Last September, I penned an article in Seeking Alpha titled "Covered Calls For Income Can Cost Dearly In Long-Term Gains." The premise? In a period of low interest rates, current yield starved investors were either:
- paying exorbitant multiples for high dividend portfolios such as the Utilities Select Sector SPDR, XLU; and/or
- trying to write calls against their holdings or a broad basket of S&P500 stocks, such as the SPDR S&P500 Trust ETF, SPY.
I emphasized the risks of both of these strategies. Unfortunately my article was quite timely and many investors have paid dearly.
Ponying up for XLU made you vulnerable to sharp declines if the market weakened. This has turned out to be the case. From last October 1st to June 1st of this year, XLU has gained only 4%, compared to almost 13% for the broader market over this span. XLU has been hit really hard in the last few weeks as interest rates have risen.
What about writing the covered calls? Don't forget the "heads you win small, tails you lose big" matrix of outcomes I warned about with such a strategy:
- stocks which gain sharply get called away with only token premium income.
- stocks which fall sharply are retained and the premium income offsets only a tiny portion of the loss.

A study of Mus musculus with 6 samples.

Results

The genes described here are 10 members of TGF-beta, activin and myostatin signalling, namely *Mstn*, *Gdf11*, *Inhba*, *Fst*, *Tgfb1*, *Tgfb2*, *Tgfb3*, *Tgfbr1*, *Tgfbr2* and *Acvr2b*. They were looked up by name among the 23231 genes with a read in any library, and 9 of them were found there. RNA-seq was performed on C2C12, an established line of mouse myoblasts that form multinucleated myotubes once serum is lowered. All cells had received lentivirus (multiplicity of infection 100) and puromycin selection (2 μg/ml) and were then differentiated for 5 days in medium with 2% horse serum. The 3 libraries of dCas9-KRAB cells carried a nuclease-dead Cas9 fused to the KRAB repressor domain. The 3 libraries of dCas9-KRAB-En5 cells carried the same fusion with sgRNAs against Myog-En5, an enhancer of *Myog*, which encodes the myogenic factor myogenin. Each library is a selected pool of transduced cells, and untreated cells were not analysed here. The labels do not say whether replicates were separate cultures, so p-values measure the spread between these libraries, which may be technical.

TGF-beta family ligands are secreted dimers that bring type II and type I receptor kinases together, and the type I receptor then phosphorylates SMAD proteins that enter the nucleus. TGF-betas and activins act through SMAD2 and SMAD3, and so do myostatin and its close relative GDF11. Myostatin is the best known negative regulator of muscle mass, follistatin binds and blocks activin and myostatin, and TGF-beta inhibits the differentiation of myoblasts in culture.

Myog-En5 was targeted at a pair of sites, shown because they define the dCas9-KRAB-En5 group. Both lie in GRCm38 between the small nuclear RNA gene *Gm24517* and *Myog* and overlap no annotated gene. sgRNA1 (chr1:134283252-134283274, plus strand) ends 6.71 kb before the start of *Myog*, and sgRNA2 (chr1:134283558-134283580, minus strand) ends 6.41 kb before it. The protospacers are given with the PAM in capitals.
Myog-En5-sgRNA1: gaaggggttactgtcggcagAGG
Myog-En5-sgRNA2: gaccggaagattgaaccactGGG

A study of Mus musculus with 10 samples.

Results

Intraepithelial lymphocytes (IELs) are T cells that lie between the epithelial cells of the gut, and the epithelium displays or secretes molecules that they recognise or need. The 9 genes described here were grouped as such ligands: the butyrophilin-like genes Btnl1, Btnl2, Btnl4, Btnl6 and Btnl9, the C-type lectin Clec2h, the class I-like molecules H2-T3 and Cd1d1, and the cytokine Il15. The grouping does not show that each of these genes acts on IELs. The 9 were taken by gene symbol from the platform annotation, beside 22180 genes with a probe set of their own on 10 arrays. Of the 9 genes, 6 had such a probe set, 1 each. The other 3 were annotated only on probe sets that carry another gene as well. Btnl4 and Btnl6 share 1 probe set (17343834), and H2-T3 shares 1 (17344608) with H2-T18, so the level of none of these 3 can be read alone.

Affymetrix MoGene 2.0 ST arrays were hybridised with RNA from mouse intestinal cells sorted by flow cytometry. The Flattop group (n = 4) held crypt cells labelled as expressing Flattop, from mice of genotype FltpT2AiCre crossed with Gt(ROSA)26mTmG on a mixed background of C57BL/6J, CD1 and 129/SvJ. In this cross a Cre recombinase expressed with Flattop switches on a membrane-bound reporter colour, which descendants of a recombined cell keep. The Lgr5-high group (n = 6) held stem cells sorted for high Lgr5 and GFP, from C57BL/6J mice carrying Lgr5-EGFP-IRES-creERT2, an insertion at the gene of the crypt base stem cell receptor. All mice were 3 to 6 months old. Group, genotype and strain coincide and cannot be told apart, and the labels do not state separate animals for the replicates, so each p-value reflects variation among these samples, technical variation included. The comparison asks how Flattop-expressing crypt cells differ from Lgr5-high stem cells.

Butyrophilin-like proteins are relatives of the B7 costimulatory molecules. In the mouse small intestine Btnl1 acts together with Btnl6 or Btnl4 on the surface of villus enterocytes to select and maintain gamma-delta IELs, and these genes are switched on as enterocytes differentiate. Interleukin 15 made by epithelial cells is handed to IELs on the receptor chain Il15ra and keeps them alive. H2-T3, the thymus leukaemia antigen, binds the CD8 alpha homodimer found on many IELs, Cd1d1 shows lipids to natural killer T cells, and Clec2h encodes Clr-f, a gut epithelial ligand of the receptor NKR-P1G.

Again, over the last eight months, investors who pursued a covered call strategy have been skewered by both horns of this dilemma. You can see this by looking at the performance of the Powershares S&P500 Buy/Write Portfolio ETF, PBP.
The performance of the CBOE S&P500 Buy-Write ETN, BWV, is similar.
I wrote this follow up to emphasize this underperformance goes beyond the traditional maxim "writing calls in a bull market is a bad idea." In the article last fall I warned that premium income from writing calls was very poor because the (implied) volatility of options on the SP500 was very low compared to recent historical levels.
While there have been some spikes in volatility over the last 8 months, in general volatility has remained subdued:
What does this mean for investors seeking income on their portfolios?
- Until the premiums on calls become much larger (i.e. implied volatility becomes much greater) you should avoid buy write strategies.
- Be careful about overpaying for high dividend payers. Make sure there is solid growth in the dividend and both earnings and cash flow coverage of the payment is solid. Unless there is a chance dividends will grow, your investment is basically a Bond, and will fall in value as interest rates rise.
In summary, call writing will continue to be a poor mechanism for earning premium income for the foreseeable future. When the situation changes, I will follow up this article with strategies investors can follow.